Pilgrims together on St. Cuthbert's Way

Every step of my sister’s pilgrimage was a prayer, and I tried to follow in the path she made.
July 25, 2017
St Cuthbert's Way
On St. Cuthbert's Way near Grubbit Law in Scotland. Some rights reserved by Walter Baxter.

Chaucer wrote that spring inspires people to go on pilgrimages. But it was in the dead of winter that my sister and I began dreaming of unfolding our legs from beneath our desks and walking, as Thoreau once put it, “through woods and over the hills and fields, absolutely free from all worldly engagements.”

We knew absolute freedom wasn’t an option, but we thought the woods might be within reach. We searched the Internet until we found St. Cuthbert’s Way—a 100-kilometer walk through the Scottish borderlands that begins in the ruins of Melrose Abbey and ends on the Holy Island of Lindisfarne. The route would take us not only through woods, hills, and fields, but also across an old pilgrim route over the ocean sands at low tide. We would put our feet in the salty mud just as earlier pilgrims did.

St. Cuthbert was a seventh-century holy man whose life was documented in verse and in prose by the Venerable Bede. Bede described the energetic holy life that Cuthbert lived as a young man, his journey toward greater solitude at Lindisfarne, and his practice of standing in the North Sea to pray. According to Bede, when Cuthbert finished his prayers otters would follow him out of the water and warm his feet with their breath.

Cuthbert was also a walker. As both monk and bishop, he would walk for weeks at a time, stopping only to preach and pastor in the villages tucked among the hills and valleys. When he was at home on the island, Bede wrote, Cuthbert “relieved the tedium of his long vigils and psalm-singing by walking about.” Making his rounds of the island, asking people how they were getting along, was part of his prayer. After he died, and Vikings repeatedly attacked his monastery, the broken-hearted monks fled Lindisfarne with Cuthbert’s body and carried it around Britain for nearly a decade. Cuthbert was a saint on the move, both in life and in death.

My sister and I climbed hills covered in yellow gorse. Cuthbert might have watched over sheep here as a boy, and we could easily imagine him falling in love with the silence. We peered into a cave where the Lindisfarne monks might have laid his body. Some days the only living creatures we saw on the path were sheep and cows. Other days, we experienced the sweetness of communitas—the intimacy that can arise among strangers on the road when they’re unstructured by the social hierarchies that mark their lives at home.

But mostly it was just my sister and me walking side by side or single file, spending more time together than we had since we were children. Our journey was not only a journey into Cuthbert’s life, but a journey into our own: into childhood, as our memories awakened, and into each other’s present lives, as the things dearest to us worked their way into our conversation.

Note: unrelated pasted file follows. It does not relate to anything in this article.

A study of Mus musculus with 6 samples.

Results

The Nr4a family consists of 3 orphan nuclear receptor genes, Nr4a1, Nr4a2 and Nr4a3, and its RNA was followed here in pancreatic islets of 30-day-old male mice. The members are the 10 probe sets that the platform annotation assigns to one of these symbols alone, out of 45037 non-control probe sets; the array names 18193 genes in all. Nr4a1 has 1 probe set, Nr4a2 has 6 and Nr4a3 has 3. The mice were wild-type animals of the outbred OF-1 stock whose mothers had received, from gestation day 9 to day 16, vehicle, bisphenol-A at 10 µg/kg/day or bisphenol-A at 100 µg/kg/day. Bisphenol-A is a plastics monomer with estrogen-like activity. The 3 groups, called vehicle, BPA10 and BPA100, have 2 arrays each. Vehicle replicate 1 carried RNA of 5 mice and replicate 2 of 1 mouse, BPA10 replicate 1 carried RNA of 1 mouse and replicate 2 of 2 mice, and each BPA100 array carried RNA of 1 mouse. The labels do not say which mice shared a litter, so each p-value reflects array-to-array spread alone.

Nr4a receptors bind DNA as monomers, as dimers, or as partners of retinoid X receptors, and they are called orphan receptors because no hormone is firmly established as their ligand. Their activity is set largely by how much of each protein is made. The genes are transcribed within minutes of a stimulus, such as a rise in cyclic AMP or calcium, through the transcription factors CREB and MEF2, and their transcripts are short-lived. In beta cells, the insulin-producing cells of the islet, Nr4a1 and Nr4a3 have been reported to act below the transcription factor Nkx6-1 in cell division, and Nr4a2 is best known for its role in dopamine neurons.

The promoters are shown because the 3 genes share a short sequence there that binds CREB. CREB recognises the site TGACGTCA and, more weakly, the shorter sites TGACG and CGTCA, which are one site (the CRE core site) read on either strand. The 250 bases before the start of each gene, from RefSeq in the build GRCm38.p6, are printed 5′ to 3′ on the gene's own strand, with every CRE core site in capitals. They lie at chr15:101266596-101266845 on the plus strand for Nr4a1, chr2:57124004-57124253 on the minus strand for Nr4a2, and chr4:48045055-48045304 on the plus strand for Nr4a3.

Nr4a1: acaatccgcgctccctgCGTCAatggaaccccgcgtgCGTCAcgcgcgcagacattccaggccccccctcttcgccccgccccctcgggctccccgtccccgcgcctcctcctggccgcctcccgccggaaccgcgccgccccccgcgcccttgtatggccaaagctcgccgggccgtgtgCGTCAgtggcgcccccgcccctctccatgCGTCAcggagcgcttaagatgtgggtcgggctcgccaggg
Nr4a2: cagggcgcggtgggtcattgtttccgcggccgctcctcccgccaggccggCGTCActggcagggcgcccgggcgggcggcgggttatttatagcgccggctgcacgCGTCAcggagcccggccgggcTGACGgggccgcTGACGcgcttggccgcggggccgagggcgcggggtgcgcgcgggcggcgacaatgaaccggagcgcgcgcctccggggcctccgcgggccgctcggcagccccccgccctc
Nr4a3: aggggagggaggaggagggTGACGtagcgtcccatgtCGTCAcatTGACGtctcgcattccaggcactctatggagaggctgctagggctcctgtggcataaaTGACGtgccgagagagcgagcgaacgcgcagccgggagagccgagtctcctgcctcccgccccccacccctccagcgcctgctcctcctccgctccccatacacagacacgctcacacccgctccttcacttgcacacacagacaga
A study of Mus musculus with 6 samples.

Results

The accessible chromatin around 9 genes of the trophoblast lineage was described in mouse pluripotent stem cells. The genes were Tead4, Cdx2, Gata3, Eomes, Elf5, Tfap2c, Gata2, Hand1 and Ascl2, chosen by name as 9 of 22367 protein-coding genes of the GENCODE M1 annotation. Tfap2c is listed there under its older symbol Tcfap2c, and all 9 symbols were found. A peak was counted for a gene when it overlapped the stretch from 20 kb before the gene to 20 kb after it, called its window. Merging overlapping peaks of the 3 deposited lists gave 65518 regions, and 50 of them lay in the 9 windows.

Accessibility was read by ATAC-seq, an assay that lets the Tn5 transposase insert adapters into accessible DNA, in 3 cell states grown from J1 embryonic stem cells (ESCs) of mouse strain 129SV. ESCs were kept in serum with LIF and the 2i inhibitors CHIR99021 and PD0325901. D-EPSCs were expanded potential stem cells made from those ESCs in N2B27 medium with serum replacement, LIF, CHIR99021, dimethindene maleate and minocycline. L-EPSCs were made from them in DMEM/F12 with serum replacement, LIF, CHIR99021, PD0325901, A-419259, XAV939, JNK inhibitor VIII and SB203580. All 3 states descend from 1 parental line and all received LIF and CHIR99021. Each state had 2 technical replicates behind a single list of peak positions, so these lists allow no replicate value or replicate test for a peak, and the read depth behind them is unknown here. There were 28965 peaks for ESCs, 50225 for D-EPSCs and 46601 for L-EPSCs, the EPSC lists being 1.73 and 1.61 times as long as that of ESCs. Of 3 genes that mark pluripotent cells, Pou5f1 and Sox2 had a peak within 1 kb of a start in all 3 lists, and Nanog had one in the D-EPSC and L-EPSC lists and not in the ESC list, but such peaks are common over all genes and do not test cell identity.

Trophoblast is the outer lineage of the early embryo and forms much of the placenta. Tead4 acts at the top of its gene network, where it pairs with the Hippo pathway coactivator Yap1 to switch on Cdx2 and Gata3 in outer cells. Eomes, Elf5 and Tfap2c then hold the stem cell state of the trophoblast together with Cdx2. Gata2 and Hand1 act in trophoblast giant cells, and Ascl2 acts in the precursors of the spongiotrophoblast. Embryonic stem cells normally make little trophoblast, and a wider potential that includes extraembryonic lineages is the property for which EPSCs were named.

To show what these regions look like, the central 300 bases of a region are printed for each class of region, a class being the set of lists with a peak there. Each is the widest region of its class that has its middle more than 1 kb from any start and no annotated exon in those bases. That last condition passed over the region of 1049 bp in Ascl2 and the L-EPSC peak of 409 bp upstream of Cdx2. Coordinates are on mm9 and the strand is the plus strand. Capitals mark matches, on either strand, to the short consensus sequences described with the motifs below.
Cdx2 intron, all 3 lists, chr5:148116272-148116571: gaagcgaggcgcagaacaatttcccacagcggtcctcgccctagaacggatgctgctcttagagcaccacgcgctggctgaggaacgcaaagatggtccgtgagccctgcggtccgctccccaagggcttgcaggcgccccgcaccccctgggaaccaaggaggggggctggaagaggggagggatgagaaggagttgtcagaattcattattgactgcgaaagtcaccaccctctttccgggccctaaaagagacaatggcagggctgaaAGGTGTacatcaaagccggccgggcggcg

My sister has spent much of her life protecting and aiding refugees, particularly children who arrive at our southern borders unaccompanied. It’s impossible for her to take a walking trip without thinking about the children and people across the world who have been displaced by violence and poverty. Imagine, she said, that we had to walk 20 miles today instead of ten; imagine that there was no bed waiting for us at the end of the day or if there were predators along our route. Imagine not knowing how our journey would end. Every step of her pilgrimage was a prayer, and I tried to follow in the path she made.

Sometimes we got lost, and flashes of our childhood selves would appear: the little sister wanting the big one to slow down until we could figure out where we were; the older one convinced she knew what she was doing even when she didn’t. We had a map, and a book that described the route. Often we needed to reorient ourselves, or consult with other pilgrims on the road, and get an assist from St. Cuthbert, to whom we occasionally called out.

This is how we should navigate back home too, my sister said to me one day, as one spread out the map and the other read aloud from the book. We should stop and consult with each other frequently along the way. And we should use our maps and our books—scripture and history, hymns and prayers, the wisdom of communities, and a vision of where we should be heading.

Eventually we reached the sea and saw the Holy Island of Lindisfarne across the water. Poles driven into the sand marked the pilgrim’s path, and two boxes on stilts waited ready to assist any pilgrim who might get stuck out there at high tide. As we waited for the tide to withdraw, a fog rolled in, obscuring the poles and the island, and covering the sands with mist. But we knew where we were going. We took off our shoes and waited.

A version of this article appears in the August 2 print edition under the title “Pilgrims together.”